The Importance of Forgiveness When Living with Chronic Illness
While we don’t know the causes and there are no cures for fibromyalgia and chronic fatigue syndrome, we do know some of the triggers that can affect these disorders. Stress and anger are negative emotions that can increase symptoms of both fibromyalgia and ME/CFS. A 2010 review by Toussaint, et al. examined the implications of forgiveness on fibromyalgia and whether forgiveness could act to help mitigate the effects of anger and stress, and therefore reduce symptoms of FM and ME/CFS.

They point out that anger is a common response to fibromyalgia. We are angry because we are dismissed; we are angry because we have to put up with pain; we are angry because there doesn’t seem to be adequate treatment. We are angry because we don’t know why we have these disorders. We are angry at our disorders for all that they have taken away, our lives, our jobs, our friends, and often our family. We are often angry at ourselves, as well as at others, for a variety of reasons. As normal and as understandable as anger is, it’s not healthy. Anger can lead to a variety of other health issues. It raises our blood pressure, can lead to heart disease, digestive disorders, and headaches. Anger leads to increased muscle tension, which leads to increased fibromyalgia pain. All of those negative effects work to increase the pain and fatigue that are part and parcel of fibromyalgia and ME/CFS.

So, what is the answer? How do we decrease our anger so that the negative emotions don’t increase our physical pain?


Forgiveness training has been shown to decrease negative emotions, such as anger and stress, in those with chronic hypertension (high blood pressure). Data from these studies suggestions that forgiveness training can have positive benefits,for both the mind and the body. There are a lot of ideas as to why it helps, but what it comes down to is that being pissed off at someone for whatever they did creates stress; stress activates our “flight or fight” system (the sympathetic nervous system); and when that is activated, our bodies' systems are not focused on anything but survival. One big issue with fibromyalgia is that we are hyper-sensitized, meaning that our “flight or fight” system is constantly activated and never has a chance to calm down.

There are three primary methods of forgiveness training. I won’t go through the details of each as they can be pretty complicated. The one common factor for all of the methods is that you have to realize that you are forgiving someone – not for them, but for you. They may never even know you forgave them. Forgiving them doesn’t mean that you allow them the opportunity to hurt you again (definitely not in the same way). Forgiveness is simply about letting go of the hurt and finding a way to stop focusing on it.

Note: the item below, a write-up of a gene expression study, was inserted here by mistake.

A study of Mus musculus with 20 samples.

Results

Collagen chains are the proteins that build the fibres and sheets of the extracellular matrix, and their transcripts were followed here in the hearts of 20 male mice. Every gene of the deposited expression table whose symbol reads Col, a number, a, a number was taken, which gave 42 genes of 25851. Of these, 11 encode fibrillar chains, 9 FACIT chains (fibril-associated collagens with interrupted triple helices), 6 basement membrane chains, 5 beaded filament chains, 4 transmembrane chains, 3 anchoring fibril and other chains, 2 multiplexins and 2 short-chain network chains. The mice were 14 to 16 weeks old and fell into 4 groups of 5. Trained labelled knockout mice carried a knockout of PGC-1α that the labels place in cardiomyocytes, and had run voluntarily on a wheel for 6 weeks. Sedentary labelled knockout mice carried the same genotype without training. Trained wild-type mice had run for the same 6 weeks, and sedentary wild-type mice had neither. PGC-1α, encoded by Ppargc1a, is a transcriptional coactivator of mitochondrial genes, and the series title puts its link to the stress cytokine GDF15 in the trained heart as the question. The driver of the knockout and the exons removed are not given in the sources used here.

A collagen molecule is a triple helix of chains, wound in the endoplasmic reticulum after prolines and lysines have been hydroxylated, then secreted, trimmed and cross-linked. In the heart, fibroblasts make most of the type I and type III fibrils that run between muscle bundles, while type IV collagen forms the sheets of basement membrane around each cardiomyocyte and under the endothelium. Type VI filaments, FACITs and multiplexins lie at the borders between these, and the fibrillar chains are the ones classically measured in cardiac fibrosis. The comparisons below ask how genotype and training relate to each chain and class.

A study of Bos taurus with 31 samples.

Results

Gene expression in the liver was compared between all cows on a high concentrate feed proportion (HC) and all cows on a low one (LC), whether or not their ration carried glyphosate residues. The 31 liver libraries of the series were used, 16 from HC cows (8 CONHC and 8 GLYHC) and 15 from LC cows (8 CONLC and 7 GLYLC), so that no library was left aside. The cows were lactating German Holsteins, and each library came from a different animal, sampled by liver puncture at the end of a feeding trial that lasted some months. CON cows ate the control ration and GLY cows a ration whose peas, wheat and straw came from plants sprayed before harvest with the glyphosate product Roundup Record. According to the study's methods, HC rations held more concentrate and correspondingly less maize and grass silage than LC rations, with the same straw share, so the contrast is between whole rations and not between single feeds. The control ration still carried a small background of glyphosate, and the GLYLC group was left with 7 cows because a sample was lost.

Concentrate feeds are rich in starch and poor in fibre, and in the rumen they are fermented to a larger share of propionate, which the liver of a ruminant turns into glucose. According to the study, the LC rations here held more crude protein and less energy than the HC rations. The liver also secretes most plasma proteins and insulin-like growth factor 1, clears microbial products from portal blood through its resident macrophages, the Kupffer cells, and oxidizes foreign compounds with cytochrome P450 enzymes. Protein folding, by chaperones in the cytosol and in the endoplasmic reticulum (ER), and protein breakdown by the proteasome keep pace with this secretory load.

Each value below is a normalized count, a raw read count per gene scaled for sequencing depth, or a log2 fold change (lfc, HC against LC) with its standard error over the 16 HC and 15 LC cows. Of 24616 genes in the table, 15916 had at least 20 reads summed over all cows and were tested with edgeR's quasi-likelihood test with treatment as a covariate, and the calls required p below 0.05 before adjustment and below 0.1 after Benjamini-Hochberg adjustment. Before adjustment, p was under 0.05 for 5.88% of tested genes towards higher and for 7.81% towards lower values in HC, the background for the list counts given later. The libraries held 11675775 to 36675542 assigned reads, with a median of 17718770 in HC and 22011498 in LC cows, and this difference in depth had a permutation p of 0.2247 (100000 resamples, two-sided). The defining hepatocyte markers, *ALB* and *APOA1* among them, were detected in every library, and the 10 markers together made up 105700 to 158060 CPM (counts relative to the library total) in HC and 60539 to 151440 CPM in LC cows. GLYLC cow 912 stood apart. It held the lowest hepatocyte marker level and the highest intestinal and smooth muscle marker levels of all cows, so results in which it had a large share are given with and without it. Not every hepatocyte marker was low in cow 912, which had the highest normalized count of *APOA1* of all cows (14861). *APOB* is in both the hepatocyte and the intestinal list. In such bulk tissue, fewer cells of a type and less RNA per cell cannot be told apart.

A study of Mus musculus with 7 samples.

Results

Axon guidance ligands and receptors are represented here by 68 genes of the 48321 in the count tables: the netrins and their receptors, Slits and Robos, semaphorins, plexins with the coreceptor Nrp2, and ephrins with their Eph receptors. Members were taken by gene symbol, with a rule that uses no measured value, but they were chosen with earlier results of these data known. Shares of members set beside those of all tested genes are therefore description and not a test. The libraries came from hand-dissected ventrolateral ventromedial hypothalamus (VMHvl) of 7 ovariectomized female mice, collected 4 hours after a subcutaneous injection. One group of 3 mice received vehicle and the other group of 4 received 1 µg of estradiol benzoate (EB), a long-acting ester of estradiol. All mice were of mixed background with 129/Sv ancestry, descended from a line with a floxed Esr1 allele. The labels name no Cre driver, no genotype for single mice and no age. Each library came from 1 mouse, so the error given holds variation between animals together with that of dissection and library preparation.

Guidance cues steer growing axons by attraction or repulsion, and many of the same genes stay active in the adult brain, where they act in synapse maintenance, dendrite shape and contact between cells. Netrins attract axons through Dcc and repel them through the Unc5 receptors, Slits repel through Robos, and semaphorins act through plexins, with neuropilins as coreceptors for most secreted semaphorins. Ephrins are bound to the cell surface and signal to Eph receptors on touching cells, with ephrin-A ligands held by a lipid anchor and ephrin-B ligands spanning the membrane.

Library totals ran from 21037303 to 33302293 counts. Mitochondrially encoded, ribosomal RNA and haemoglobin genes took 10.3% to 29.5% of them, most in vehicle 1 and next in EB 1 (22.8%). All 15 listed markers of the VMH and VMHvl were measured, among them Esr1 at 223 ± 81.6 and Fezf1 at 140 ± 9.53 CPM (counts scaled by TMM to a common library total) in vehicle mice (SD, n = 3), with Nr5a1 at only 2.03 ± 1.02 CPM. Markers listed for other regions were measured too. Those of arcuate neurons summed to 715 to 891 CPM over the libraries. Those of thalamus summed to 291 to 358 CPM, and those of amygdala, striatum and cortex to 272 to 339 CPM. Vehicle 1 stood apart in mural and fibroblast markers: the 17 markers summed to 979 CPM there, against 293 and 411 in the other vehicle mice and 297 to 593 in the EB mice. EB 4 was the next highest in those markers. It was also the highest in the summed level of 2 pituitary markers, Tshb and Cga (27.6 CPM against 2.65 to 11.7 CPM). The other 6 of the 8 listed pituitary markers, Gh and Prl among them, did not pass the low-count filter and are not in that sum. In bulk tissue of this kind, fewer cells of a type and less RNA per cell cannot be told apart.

In my life, I can say that without a doubt learning to just forgive people and move on from the hurt has helped a lot. By holding a grudge, I was trapping myself in that moment when they hurt me, doomed to relive it over and over again – until I finally let it go. It’s funny how once you finally let those moments go, they are so easily forgotten. They become fuzzy and the details are lost. I think that that might be why we try to hold onto them. We are afraid that if we forget the details we will allow someone else to repeat the same hurt. But, forgetting the moment and forgiving the hurt doesn’t mean we didn’t learn from it. We can learn from an event and still forgive.

Unfortunately, what I find when looking back at the hurts in my life is that what I’ve learned, too often, is not to trust people. That’s been my key to avoiding hurt, because people can’t hurt you if you don’t let them in. But, that’s no way to live life. If you don’t let people in, you not only avoid the hurt, you avoid the love and all the great things that come with allowing others to be part of your life.

As I am writing this, I am working to forgive a recent hurt. I’m struggling with it and have been for days. I know eventually I will forgive because I love this person more than I want to hold onto a grudge, and I’m just not willing to let them leave my life. You can’t keep the person in your life and hold a grudge. It just doesn’t work. And, when it comes down to it, there’s just no use in holding a grudge. Forgiveness is a lot less stressful. And, if there’s one thing those of us living with chronic illness need, it’s less stress.

About the Author: Julie Ryan is a fellow Fibromyalgia Warrior, freelance writer, and blogger. In addition to Fibromyalgia, Julie is currently diagnosed with Endometriosis, Migraines, Cluster Headaches, and Hypothyroid. She shares her journey, along with inspiration, and information on her blog at

You can follow Julie on Twitter and Facebook.